Having been privileged to attend the launch of the Asian Universities Alliance, or AUA, and its Presidents’ Forum at Tsinghua University, Beijing, on 29 April, I wanted to reflect on its possible implications for the regionalisation of Asian higher education.

Will the AUA be just another one of those university networks with an Asian focus or will it foster the dawn of a Pan-Asian higher education regionalism and reshape Asian higher education?

Composed of 15 key universities from different Asian countries covering all the Asian regions, the AUA can be considered the most ambitious Asian higher education initiative to date. These universities include Tsinghua University, Peking University, the University of Tokyo, Seoul National University, the National University of Singapore and the University of Malaya, among others.

During the Presidents’ Forum, discussions on student and faculty exchange and joint research collaboration appeared to hint at a typical university network. However, the discussions regarding an Asian University Model, addressing challenges in the region, and the slogan of the launch event, “Integrating Asian Values”, suggest that the AUA goes beyond that and will be a frontrunner in Asian higher education regionalism.

The alliance’s aims include expanding educational goals to include social development, enhancing quality, improving postgraduate level teaching and technical transfer, strengthening specialisation, especially in terms of cross-disciplinary and innovative international collaborations, and addressing regional and global challenges.

Regionalisation of Asian higher education

Mostly seen in terms of the Bologna Process and its related initiatives, which include the establishment of the European Higher Education Area, regionalisation of higher education in Asia has been confined to the Association of Southeast Asian Nations or ASEAN and to a limited extension of the Asia-Pacific Economic Cooperation or APEC economies.

International student exchange networks, such as the ASEAN University Network exchange programme, the ASEAN International Mobility for Students programme, the Collective Action for Mobility Program of University Students in Asia or CAMPUS Asia, and University Mobility in Asia and Pacific or UMAP have been focused on limited student exchange within their member universities.

It is only in the ASEAN region that a Qualifications Reference Framework has been developed in Asia, for instance. Furthermore, UNESCO’s Asia-Pacific mutual recognition convention is still the only legal document that focuses on mutual recognition of higher education issues at the Asian level.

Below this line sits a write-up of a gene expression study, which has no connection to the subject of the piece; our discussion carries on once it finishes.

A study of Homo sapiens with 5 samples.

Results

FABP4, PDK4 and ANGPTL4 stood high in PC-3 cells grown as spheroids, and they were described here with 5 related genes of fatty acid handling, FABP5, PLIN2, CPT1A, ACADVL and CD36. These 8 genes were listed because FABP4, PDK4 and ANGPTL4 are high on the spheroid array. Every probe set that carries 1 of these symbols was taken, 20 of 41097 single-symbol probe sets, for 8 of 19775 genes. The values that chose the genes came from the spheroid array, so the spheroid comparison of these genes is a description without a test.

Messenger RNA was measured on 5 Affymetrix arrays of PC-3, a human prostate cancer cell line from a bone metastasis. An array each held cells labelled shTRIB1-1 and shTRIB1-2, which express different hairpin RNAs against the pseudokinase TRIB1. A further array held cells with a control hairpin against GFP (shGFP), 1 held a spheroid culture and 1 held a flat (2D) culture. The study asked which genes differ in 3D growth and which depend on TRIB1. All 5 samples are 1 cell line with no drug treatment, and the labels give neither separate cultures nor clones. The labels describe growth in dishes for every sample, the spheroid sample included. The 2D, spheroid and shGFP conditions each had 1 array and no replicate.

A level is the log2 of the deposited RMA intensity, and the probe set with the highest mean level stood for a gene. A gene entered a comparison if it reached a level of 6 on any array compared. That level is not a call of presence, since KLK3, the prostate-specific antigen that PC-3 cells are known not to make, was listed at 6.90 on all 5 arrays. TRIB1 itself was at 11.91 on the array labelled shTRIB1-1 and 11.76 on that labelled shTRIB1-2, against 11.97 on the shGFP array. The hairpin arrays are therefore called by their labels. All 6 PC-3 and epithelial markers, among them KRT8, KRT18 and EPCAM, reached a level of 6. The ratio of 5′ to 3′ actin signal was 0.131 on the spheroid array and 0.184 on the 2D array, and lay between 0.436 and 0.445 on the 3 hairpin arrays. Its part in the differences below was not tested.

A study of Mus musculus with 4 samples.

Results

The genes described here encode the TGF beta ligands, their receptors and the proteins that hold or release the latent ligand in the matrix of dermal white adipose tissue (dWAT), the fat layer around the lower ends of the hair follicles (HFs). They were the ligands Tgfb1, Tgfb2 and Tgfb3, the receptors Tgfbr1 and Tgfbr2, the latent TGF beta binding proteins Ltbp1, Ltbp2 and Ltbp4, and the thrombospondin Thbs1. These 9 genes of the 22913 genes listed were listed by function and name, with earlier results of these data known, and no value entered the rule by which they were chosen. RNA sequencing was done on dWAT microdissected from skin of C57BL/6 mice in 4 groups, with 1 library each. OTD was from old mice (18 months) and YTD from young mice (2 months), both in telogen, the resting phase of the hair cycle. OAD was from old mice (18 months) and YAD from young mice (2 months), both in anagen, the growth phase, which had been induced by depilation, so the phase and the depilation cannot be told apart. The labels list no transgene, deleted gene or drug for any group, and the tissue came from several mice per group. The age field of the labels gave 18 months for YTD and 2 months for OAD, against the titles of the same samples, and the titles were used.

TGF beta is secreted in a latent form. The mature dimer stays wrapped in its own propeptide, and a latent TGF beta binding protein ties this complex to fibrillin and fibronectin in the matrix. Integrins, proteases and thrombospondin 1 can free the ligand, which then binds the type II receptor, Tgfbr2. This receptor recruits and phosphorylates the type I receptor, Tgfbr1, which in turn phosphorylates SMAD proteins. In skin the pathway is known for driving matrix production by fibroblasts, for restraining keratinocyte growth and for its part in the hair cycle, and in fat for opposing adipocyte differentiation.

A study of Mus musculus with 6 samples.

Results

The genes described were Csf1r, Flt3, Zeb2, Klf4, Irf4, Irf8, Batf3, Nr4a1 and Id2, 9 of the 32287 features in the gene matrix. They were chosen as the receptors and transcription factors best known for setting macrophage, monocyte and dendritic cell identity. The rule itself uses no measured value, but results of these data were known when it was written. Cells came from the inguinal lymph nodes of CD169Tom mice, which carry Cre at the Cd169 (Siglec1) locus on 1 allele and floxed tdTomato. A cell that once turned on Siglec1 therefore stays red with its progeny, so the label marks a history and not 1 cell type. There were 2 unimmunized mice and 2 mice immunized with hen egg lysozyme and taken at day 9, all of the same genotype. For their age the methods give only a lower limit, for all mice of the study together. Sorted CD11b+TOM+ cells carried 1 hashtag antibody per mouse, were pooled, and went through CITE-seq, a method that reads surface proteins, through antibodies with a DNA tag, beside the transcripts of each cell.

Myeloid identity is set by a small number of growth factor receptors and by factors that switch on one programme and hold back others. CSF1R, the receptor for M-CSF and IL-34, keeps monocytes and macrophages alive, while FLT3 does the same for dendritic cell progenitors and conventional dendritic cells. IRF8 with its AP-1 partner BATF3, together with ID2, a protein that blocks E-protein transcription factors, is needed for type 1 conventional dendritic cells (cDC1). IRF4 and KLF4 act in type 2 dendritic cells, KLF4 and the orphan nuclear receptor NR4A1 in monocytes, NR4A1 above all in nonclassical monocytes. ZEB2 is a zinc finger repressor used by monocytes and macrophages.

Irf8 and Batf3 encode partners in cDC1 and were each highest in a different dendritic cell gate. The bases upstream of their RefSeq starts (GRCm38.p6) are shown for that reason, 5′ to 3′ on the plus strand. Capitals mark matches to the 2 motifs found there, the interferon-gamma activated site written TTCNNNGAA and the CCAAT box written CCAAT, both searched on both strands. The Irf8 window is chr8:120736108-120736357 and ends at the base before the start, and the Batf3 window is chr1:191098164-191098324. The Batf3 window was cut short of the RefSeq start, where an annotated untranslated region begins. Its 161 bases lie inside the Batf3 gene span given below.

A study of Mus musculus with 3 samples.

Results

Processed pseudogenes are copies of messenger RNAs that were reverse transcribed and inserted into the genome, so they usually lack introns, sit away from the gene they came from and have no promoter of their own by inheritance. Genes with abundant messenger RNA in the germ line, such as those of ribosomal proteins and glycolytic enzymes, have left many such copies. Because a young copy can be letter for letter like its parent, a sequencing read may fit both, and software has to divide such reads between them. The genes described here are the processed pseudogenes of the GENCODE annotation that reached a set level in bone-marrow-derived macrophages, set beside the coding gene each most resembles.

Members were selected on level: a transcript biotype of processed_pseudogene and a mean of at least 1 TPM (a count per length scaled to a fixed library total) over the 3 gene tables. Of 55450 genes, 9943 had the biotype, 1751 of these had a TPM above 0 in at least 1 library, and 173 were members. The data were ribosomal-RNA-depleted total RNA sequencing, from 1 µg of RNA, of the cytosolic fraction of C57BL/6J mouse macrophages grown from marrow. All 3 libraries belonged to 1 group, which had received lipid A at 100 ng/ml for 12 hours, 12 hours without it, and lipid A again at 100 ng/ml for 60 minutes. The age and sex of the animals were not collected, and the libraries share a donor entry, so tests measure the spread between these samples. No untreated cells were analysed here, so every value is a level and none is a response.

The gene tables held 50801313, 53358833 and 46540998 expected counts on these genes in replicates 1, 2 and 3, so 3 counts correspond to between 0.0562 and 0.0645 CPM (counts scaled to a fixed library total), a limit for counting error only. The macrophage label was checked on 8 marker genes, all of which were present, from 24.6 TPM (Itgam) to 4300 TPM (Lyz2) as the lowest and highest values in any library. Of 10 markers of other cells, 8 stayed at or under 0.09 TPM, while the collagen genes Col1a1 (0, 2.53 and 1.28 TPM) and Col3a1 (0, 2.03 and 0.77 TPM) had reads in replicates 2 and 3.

The influence of European higher education developments and Europe’s ongoing support for ASEAN higher education regionalisation is shaping the future of ASEAN, and probably Asian, higher education.

In fact, the establishment of an ASEAN Higher Education Area or Common Space and hints of initiatives that may eventually establish an Asia-Pacific Higher Education Area can also be seen. These developments, however, are intricately linked with global, and particularly with European, higher education developments.

The AUA and the future of Asian higher education

The establishment of a Pan-Asian university alliance, such as the AUA, and its future expansion marks a new dawn for Asian higher education regionalism. How the AUA defines its mission, its activities and internationalisation and integration initiatives remains to be seen.

Given the strength of its founding university members, their international reputation in terms of teaching, research and outreach excellence and the growing focus on Asian higher education worldwide, the AUA provides a unique platform for the proactive development of an Asian model for higher education, not limited to curricula, research and community service.

In fact, it provides a unique opportunity for the Asian university sector to contribute to solving unique Asian challenges that require the integration of Asian values and an understanding of the Asian context, culture and process.

It also has the potential to contribute to mutual understanding, especially for the younger generation, within Asia and beyond, which should help foster sustainable peace, prosperity and regional understanding and cooperation as well as global citizenship within the Asian context.

As such, the establishment of the AUA is a welcome development, not only for Asian higher education and its stakeholders, but for everyone in the Asian region and by extension the rest of the world. Peace, global citizenship, equity and shared prosperity are global aspirations that can only be achieved through regional and international collaboration, especially in developing future leaders, entrepreneurs, scientists and employees, with the active contribution of the university sector.

We should all look forward to the development and future activities of the AUA and its contribution to Asian higher education and to providing solutions to the region's and the world’s various challenges.

Roger Chao Jr is senior consultant of the UNESCO International Centre for Higher Education Innovation, China.